This is not your mother's Nancy Drew.

on Solano recently hosted an evening of sleuthing into the life of the real Nancy Drew. (aka Joe Christiano) put on another wonderful, free literary theatrical event there that was definitely unique. I didn't really understand what it was going to be before I went, but I knew it would be worthwhile literary entertainment. The place was packed, so apparently, others had high expectations as well.

"None too Keene: Nancy Drew Noir" turned out to be a combination of a reading and analysis with musical accompaniment and humor thrown in. Now you understand perfectly, right?

Providing an appropriate soundtrack was Richard Leiter on keyboard. Berkeley High sophomore Lydia Odette Warren played the part of our young heroine and read aloud the opening and closing chapters of a brilliant reworking of the very first Nancy Drew book ever published, Secret of the Old Clock. Her readings were interspersed with commentary from the czar of noir, Eddie Muller, who informed us that the character of Nancy was based on real-life Nan who wrote her memoirs recounting her own sleuthing years. But this Nancy Drew was no perky teen but a hard-edged, scotch-drinking, hug-averse young woman who addressed her father by his last name.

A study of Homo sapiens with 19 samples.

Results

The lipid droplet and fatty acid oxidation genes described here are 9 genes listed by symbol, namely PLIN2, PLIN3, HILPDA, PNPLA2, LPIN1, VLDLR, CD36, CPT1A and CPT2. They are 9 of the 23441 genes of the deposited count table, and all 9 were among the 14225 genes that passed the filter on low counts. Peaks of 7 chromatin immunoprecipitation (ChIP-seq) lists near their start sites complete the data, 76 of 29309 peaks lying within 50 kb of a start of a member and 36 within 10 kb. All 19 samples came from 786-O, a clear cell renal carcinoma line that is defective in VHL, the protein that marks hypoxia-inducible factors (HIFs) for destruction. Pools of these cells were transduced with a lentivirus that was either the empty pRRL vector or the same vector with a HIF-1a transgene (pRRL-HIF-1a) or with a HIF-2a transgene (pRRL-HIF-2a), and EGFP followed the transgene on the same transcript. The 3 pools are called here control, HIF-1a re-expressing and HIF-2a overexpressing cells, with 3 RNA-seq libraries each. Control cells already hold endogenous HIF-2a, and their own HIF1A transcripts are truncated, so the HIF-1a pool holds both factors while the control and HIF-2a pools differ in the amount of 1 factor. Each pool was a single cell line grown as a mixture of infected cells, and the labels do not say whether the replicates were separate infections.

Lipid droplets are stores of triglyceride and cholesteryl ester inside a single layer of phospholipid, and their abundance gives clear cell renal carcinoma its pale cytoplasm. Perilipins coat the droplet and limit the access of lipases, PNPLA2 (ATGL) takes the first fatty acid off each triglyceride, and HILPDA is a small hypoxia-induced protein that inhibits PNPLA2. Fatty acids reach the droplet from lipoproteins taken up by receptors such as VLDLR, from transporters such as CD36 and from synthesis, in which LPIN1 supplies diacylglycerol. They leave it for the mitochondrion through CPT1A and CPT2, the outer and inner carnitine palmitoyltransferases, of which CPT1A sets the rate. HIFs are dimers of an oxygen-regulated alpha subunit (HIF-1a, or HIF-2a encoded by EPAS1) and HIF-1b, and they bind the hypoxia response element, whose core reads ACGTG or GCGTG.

Carolyn Keene was the pseudonym that a succession of editors used when rewriting the hard-boiled detective stories to "girlify" them.

Many theories were offered and no doubt, conclusions were made, but at the end of the evening I was sure of this: if Joe Christiano keeps inventing new ways to entertain us with literature, the book is far from dead.

This post is contributed by a community member. The views expressed in this blog are those of the author and do not necessarily reflect those of Patch Media Corporation. Everyone is welcome to submit a post to Patch. If you'd like to post a blog, go here to get started.

Paul O'Curry April 02, 2012 at 06:47 PM
On a radio show ... TTBOOK.... I heard Walter Mosley talk about influences on young readers and writers. He believes that Nancy Drew was more influential that Dickens or Shakespeare.